UPPER WEST SIDE, Manhattan — Tenants frustrated by scaffolding up on their Upper West Side building for 15 years recently discovered they’re not alone; their landlord has at least 10 other buildings with similar issues.
When the pedestrian shed was first erected in 2006, tenants at 51 West 86th Street thought that was just life in the big city, a temporary but necessary annoyance while construction work was underway. But 15 years later, the shed is still there and the scaffolding and netting has been extended all the way up to the top of the 16 story building, with little apparent work taking place for 15 years.
Then they found a similar problem at 350 Central Park West, where a shed has been up almost as long. Jack Weinreb is the landlord for both buildings.
“It feels like 100 years,” tenant Kim Rubens Quiros said.
The New York City Department of Buildings has fined landlord Jake Weinreb for sheds and scaffolding with no work being done. It amounts to close to $109,000 in fines at 51 West 86th Street, another $60,000 for 350 Central Park West and $65,000 at another Weinreb building at 777 West End Avenue.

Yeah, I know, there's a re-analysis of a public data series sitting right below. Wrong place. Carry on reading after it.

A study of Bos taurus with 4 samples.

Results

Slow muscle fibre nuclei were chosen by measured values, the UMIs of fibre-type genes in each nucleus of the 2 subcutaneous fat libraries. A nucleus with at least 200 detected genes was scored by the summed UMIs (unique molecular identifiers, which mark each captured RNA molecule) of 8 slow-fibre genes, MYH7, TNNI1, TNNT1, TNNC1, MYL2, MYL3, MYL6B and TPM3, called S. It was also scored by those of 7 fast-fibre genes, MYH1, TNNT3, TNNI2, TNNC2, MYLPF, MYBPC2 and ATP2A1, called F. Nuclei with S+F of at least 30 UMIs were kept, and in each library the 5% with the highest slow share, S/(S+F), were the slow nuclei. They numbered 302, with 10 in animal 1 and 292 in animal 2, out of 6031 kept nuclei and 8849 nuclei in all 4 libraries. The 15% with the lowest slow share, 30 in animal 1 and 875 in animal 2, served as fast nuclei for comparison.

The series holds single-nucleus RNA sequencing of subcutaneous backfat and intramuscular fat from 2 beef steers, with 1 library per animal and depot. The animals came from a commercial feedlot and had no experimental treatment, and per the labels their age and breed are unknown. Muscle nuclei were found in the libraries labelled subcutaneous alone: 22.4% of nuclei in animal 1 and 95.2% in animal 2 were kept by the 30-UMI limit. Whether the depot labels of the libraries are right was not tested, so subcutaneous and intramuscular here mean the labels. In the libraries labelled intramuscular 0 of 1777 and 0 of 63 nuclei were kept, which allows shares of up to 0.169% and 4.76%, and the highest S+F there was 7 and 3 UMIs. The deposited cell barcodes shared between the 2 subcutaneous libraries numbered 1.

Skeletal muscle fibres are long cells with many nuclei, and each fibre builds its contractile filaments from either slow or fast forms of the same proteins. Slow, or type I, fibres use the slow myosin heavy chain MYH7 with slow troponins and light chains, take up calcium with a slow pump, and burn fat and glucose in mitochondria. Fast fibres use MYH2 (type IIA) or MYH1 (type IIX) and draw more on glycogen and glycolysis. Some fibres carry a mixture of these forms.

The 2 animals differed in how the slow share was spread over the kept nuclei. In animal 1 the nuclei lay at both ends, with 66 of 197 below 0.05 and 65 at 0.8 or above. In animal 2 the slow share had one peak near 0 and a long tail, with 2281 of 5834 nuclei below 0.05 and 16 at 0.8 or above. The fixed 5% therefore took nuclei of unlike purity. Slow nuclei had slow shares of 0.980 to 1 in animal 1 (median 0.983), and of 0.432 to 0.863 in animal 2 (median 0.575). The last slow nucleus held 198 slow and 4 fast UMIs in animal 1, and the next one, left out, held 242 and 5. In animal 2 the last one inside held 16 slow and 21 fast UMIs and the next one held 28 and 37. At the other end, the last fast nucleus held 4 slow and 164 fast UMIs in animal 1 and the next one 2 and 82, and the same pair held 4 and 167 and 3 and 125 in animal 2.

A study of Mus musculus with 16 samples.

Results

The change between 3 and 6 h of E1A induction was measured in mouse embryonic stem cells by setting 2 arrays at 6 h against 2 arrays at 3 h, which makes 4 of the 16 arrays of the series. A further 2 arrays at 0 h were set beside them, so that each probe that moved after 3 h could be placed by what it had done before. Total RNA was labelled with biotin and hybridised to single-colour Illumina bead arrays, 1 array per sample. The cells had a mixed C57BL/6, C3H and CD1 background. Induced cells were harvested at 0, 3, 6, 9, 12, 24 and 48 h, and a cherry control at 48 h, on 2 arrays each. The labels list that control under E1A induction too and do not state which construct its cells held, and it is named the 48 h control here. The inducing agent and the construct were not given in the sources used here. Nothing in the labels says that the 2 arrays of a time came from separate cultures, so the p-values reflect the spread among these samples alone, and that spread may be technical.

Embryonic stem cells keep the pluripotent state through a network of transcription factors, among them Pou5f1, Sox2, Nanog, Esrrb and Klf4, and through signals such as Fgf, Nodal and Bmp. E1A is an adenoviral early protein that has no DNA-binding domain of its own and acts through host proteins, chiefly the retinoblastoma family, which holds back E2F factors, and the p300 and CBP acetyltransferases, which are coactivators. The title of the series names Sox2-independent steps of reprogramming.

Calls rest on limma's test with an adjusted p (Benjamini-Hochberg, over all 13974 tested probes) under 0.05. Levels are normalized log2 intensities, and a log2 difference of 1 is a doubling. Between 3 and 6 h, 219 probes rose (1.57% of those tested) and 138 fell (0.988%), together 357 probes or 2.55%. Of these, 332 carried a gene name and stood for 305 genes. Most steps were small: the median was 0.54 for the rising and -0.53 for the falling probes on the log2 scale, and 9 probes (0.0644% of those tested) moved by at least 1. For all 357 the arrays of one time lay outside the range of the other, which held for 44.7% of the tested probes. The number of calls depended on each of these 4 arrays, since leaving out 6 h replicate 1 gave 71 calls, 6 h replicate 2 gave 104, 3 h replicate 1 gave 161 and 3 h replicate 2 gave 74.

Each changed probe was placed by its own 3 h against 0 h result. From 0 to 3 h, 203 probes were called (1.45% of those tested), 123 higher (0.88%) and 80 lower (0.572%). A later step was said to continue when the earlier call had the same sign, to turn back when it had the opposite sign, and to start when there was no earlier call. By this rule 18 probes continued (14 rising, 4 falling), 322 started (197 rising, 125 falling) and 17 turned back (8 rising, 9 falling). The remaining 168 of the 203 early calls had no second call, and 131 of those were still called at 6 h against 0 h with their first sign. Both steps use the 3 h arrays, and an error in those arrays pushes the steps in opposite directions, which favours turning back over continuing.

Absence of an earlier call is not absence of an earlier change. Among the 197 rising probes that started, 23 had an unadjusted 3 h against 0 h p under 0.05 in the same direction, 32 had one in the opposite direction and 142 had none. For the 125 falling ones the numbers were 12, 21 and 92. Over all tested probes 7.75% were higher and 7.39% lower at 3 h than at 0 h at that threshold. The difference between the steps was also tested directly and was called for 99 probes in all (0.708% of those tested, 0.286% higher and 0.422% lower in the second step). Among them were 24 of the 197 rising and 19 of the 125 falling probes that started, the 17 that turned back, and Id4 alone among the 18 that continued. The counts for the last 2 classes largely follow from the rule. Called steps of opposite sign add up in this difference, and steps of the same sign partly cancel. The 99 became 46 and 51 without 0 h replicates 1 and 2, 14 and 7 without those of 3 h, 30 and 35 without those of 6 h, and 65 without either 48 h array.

The tenants found that Weinreb has at least ten buildings on the Upper East Side and Upper West Sides with similar scaffolding issues.
David Rosen, the vice president of the Tenants Association, said they’ve been doing what they can to get local politicians involved.
“People are upset about the way landlords treat tenants in the city,” Rosen said.
The tenants have hired a lawyer and sent a threatening letter to the landlord who finally responded to them.
“We are aggressively working to complete all work as quickly and safely as possible and anticipate that the required repairs will be made in 18 to 24 months,” the landlord said to the tenants.
“It’s a bullcocky,” said Alisa Matlovsky, a longtime tenant at 51 West 86th Street. “He talks about doing some things, but he’s done nothing in 15 years,” she added.
PIX11 has repeatedly reached out to Weinreb over the last month; he has not yet responded to any calls.
Manhattan Borough President Gale Brewer called for new legislation.
“You can either finish it in five years or take it down. Pick a date,” she said.